July 11 (Bloomberg) -- STMicroelectronics NV, Europe’s biggest chipmaker, whose shares have slumped more than 70 percent since Apple Inc.’s iPhone triggered Nokia Oyj’s decline, is betting its future on cars.
Even with plummeting business from struggling customers in the wireless industry such as Nokia and Research In Motion Ltd., Chief Executive Officer Carlo Bozotti said Asian demand for luxury cars loaded with semiconductors will boost sales. Every new car produced last year contained at least 25 automotive chips, with some models carrying more than 100, he said in an interview.
As Geneva-based STMicroelectronics and Germany’s Infineon Technology AG tie their future more closely to the automotive industry, they are developing semiconductors and sensors that boost engine power, monitor speed and correct steering when cars veer off designated lanes. The car-chip market will expand to more than $33 billion by 2016 from $23 billion last year, with China growing 17.7 percent each year, London-based researcher Strategy Analytics said.
STMicroelectronics is “carrying a dead leg, which is the wireless business,” said Lee Simpson, a Jefferies International analyst. “If you’re a European semiconductor company and you can supply to the German auto industry directly, or to other European carmakers, you have a better tie, while the European handset space is disappearing.”
In the first quarter, STMicroelectronics had an operating loss of $352 million, of which $293 million stemmed from chips for mobile phones. In contrast, operating profit in the cars business was $37 million. The company’s top client in the automotive industry is Germany’s Robert Bosch GmbH, the world’s largest automotive supplier, with clients such as Volkswagen AG, Daimler AG, Ford Motor Co. and Toyota Motor Corp.
“The car industry, and especially the German one, is benefiting from appetite in Asia for high-quality cars,” said Bozotti, who has an electronic engineering degree from the University in Pavia, Italy and took over as CEO in 2005. “Car manufacturers also use more and more electronic components to slash costs and make cars more intelligent. We benefit twice.”
There is plenty of room for growth in the car-chip market because no one yet dominates it. STMicroelectronics ranked third in the market for automotive chips with a 9 percent share, compared with 14 percent for market leader Renesas Electronics Corp., which is based in Kawasaki, Japan, according to Strategy Analytics. The researcher predicts the car-chip market in North America will grow 8.1 percent each year and 6.1 percent in Europe.
Infineon, the second-largest supplier, whose customers include Bayerische Motoren Werke AG, last year opened manufacturing and research facilities in Beijing to address multiple markets, including automotive. Neubiberg, Germany-based Infineon in May raised its full-year forecast after quarterly profit topped analyst estimates. It boosted its market share in the automotive-chip segment by one percentage point to 9.8 percent over the past year.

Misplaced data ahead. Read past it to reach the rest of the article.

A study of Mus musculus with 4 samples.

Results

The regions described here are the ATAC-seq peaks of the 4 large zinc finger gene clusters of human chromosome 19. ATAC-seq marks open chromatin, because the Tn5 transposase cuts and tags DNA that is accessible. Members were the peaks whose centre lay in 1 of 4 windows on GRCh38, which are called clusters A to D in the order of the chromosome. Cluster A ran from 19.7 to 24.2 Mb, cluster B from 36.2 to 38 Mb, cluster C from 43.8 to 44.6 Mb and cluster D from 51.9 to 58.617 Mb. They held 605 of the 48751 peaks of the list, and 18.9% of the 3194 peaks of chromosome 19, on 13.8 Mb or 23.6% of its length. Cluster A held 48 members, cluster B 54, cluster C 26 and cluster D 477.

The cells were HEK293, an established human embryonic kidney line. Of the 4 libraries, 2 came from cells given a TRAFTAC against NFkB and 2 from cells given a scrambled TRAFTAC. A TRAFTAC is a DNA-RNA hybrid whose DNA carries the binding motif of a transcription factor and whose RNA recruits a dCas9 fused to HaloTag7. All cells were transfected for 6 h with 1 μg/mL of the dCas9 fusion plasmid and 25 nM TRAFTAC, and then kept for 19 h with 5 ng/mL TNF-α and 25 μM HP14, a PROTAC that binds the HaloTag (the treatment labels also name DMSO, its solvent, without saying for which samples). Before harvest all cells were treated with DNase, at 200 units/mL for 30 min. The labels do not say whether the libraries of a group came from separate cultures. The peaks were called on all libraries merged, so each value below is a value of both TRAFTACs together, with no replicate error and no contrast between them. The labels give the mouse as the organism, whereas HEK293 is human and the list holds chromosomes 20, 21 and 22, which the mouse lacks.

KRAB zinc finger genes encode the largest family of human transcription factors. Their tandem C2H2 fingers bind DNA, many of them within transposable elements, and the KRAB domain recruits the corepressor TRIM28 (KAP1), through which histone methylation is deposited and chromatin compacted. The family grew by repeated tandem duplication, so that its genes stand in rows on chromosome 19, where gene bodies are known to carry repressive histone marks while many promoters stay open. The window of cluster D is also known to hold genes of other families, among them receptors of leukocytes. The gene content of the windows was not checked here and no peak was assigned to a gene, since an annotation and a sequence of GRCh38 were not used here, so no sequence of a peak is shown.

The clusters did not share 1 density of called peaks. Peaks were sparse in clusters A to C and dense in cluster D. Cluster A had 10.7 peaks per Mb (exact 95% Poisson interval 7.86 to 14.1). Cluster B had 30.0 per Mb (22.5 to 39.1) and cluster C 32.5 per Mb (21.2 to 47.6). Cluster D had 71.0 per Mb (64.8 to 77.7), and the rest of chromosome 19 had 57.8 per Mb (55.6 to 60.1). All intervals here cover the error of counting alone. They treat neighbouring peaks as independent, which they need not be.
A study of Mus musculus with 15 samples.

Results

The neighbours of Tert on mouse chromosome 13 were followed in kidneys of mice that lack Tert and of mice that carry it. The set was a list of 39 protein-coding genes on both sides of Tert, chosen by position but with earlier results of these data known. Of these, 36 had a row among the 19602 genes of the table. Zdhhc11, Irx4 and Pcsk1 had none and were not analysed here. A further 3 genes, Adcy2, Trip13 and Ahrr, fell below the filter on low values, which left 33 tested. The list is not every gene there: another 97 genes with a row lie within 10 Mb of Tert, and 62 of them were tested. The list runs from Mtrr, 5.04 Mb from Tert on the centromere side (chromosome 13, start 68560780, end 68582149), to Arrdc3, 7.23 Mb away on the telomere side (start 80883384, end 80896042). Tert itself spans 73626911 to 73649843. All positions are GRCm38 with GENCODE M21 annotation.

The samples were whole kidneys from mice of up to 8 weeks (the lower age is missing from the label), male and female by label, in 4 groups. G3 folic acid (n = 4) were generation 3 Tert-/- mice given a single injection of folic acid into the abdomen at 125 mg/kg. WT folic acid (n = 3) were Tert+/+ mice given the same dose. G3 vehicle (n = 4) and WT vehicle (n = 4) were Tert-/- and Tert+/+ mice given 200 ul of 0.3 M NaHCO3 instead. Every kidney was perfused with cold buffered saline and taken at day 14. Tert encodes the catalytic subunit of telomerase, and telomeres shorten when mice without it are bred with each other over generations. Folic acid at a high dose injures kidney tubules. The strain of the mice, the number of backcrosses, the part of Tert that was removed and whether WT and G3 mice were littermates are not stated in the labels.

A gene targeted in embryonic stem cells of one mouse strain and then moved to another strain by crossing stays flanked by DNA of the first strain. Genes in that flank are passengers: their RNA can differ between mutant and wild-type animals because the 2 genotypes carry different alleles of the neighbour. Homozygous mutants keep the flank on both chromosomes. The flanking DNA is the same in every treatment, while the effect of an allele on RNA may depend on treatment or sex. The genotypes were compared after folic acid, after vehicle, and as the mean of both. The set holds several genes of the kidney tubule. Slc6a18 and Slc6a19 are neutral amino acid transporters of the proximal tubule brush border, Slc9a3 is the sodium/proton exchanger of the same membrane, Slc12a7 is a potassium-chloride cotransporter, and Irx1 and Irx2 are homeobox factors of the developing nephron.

STMicroelectronics’s sales to Nokia fell 30 percent in 2011 to $1 billion, less than half the $2.1 billion it sold to the Finnish mobile-phone manufacturer four years earlier, according to data published in the chipmaker’s annual reports.
Last month, Nokia forecast a wider second-quarter operating loss from handsets and said it would cut as many as 10,000 jobs as it ceded market share to iPhones and handsets by Samsung Electronics Co. Since the iPhone’s introduction in 2007, Nokia shares have fallen 93 percent, while STMicroelectronoics dropped 72 percent.
STMicroelectronics, which has the French and Italian governments as its main shareholders, together holding a 27.5 percent stake, dropped 1.6 percent to 3.95 euros as of 3:19 p.m. in Paris, while Infineon fell 2 percent to 5.17 euros in Frankfurt.
Other top mobile clients of STMicroelectronics such as BlackBerry maker Research In Motion and France’s Alcatel-Lucent SA also posted lower sales and operating losses for the three months through March. ST-Ericsson, STMicroelectronics’ mobile-phone chip venture with Ericsson AB, said in April it will eliminate 1,700 jobs. The venture hasn’t turned profitable since being formed in 2009.
Still, the European chipmakers’ bet on strong Asian demand leading the car market has risks.
Auto demand in China, the world’s largest vehicle market, has slowed with the economy. More Chinese cities may also restrict vehicle ownership after Guangzhou this month imposed a quota on new cars to control congestion and pollution, which Mizuho Financial Group Inc. predicts will threaten sales growth of carmakers such as General Motors Co. and Volkswagen that depend on growth in Asia to counter declining demand in Europe.
China’s automakers’ association said today that passenger-car deliveries in June rose 16 percent to 1.28 million units after a 23 percent gain in May. Figures for both May and June last year were hurt by disruption from the Japan earthquake. In the first five months, passenger-car sales increased 5.5 percent to 6.33 million units after growth of 6.1 percent a year earlier.
Bozotti said STMicroelectronics’s growth rate of 18 percent at the car division last year is “not sustainable.” Instead, revenue from that segment will increase between 5 percent and 10 percent this year and going forward, he said.
While the global economic slowdown is also affecting STMicroelectronics’s revenue from cars, which declined to $391 million in the first quarter from $433 a year earlier, Bernd Laux, a Frankfurt-based analyst at Credit Agricole, said the focus on car semiconductors will pay out in the long term.
“There’s enduring growth from the car industry because more and more semiconductors make their way into cars, and that is only going to speed up with the spread of hybrid and electric cars,” he said. “That trend, even when it’s tied to demand cycles, will make sure demand will keep going up.”